Blueheels/Deleted Scenes/Pezzetino; June 30, 2009; Frequency
When a band generates new songs as quickly as the Blueheels do, a live record hardly seems like a logical next step. Along with the EP, live CDs are typically used as a stop gap measure when the time between releases might otherwise be too long. The public has a short attention span and will forget any band that doesn’t demand their attention. But if that isn’t the reason, then why release a bunch of different versions of songs that you’ve already released once when you have a whole ‘nother batch, probably two batches, just waiting to take into the studio? However, in the case of the Blueheels the fact is that the live show has put them where they are today. Tireless touring of northern and central Wisconsin and energetic, addictive shows have made them a bar favorite from Madison to Appleton. The studio CDs are great, but a live show shows their true colors.
The CD was recorded over the course of two nights last November at Cranky Pat’s in Neenah, pretty much home base for the band in their takeover of the state. The song that supplied the title “Twist and Toil” wasn’t on their last CD, perhaps because they were saving it for this release or perhaps because this song in particular requires audience participation. The chanted chorus of “Get up, go to work, come home, go to sleep” has been erroneously compared to the Bottle Rockets “Gotta Get Up.” Yes, the sentiment is the same, but the songs sound nothing alike. And it isn’t like the Bottle Rockets invented getting up and going to work. On this CD the crowd makes themselves heard, putting some real volume behind their effort.
I’m guessing the crowd at tonight’s show celebrating the release of the live CD wasn’t as big as the one in Neenah, but they certainly knew what to do. It helped that the co-writer of the chorus the erstwhile Christopher Billingsley, who since leaving Madison has been rumored to be living in Seattle, Haiti and Key West, was in attendance tonight to lead us. I recognized several people in the crowd, but the band’s Fox Valley contingent was notably absent, perhaps the victim of the midweek show. In fact I was surprised there weren’t more people there in general.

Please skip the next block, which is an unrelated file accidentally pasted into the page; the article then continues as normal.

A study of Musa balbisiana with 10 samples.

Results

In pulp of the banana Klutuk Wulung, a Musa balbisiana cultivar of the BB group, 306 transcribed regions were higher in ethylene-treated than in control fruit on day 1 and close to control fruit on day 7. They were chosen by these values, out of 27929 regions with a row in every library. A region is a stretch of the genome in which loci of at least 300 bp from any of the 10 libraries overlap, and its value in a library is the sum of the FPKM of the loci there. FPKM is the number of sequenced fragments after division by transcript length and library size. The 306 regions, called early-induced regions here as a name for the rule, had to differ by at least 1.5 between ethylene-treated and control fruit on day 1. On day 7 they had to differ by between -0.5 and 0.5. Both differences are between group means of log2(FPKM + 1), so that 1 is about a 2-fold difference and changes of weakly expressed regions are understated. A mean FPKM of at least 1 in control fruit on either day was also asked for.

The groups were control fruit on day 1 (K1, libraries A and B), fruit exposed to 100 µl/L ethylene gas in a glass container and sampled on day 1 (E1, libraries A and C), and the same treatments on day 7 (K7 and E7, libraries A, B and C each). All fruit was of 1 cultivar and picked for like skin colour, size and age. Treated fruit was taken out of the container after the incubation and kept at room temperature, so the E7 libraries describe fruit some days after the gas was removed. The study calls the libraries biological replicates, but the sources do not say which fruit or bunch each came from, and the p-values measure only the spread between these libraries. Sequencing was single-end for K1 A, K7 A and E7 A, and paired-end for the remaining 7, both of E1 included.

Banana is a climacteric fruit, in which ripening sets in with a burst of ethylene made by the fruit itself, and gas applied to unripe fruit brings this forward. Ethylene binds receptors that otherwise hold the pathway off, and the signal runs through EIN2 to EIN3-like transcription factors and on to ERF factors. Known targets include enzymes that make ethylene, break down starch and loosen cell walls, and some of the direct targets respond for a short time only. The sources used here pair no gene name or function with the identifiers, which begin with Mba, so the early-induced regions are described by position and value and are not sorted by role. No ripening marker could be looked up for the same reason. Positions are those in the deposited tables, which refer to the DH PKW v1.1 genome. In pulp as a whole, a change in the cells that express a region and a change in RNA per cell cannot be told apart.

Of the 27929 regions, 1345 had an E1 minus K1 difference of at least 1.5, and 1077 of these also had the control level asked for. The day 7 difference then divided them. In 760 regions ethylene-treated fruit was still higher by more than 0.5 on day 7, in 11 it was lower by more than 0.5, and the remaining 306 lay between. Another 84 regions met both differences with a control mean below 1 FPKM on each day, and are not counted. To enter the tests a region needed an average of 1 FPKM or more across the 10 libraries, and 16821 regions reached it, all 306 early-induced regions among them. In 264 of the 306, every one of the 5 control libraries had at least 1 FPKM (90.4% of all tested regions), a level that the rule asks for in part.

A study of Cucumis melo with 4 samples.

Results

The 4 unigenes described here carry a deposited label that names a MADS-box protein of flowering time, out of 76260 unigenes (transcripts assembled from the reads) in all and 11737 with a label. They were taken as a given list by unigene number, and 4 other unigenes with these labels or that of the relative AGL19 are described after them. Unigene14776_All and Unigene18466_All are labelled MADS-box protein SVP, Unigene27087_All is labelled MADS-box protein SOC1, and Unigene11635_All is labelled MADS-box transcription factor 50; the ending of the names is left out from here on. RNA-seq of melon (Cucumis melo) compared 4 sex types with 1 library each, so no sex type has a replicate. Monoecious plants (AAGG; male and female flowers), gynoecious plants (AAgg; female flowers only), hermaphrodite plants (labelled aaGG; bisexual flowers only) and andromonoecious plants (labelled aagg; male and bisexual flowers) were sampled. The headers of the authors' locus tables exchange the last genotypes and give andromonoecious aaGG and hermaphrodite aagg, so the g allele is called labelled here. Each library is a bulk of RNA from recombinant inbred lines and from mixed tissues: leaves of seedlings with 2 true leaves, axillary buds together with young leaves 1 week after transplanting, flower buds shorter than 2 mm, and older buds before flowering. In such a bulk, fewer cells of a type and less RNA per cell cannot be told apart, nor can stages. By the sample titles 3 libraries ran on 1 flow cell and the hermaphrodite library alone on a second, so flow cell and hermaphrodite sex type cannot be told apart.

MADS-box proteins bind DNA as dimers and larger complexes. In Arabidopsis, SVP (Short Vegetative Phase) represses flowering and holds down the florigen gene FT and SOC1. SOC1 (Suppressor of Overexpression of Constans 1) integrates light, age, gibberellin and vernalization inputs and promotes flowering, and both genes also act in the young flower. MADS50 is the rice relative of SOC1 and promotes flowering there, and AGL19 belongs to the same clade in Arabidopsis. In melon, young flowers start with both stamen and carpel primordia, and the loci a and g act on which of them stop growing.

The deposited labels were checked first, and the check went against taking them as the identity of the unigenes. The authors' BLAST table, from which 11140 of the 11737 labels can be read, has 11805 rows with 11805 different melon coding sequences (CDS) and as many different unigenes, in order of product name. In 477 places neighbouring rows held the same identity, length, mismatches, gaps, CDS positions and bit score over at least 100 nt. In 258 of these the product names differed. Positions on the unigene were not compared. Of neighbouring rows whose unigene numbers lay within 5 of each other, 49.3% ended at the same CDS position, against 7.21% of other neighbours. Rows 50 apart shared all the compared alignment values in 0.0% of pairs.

The Blueheels aren’t as omnipresent as they used to be, and tonight’s bill was particularly tempting, both factors which should have resulted in a larger crowd. Not that it mattered; the band threw themselves into the set just like always. A good chunk of the songs were from that new batch, many I’d heard and at least one I hadn’t. The night ended with a song about seven skinny cats and seven fat ones. Robby’s yowl imitating the skinny cats was adorable and hilarious, not to mention stuck in head for days. I sure wish that song was on the CD, I’d make everyone around me crazy. As time goes by, keyboardist Teddy Pedriana’s addition to the band makes more and more sense. He is essential to many of the new songs, and rumor has it that what he is doing for the next record is going to blow my mind.
The particularly alluring part of this bill was the return of the Deleted Scenes to Madison. The DC band won a lot of new fans on their last visit to Madison back in January. Their difficult to describe sound has an Eighties appeal married to a DIY sensibility. I wish their recent release Birdseed Shirt sounded as good as they do live, but since it doesn’t I wish they came to Madison more. After the affection and enthusiasm shown them by Teddy’s girlfriend Steph, maybe they will. I had decided the first time I saw Pezzetino that she needed to be better or weirder, until then I’ll be spending her sets in the bar.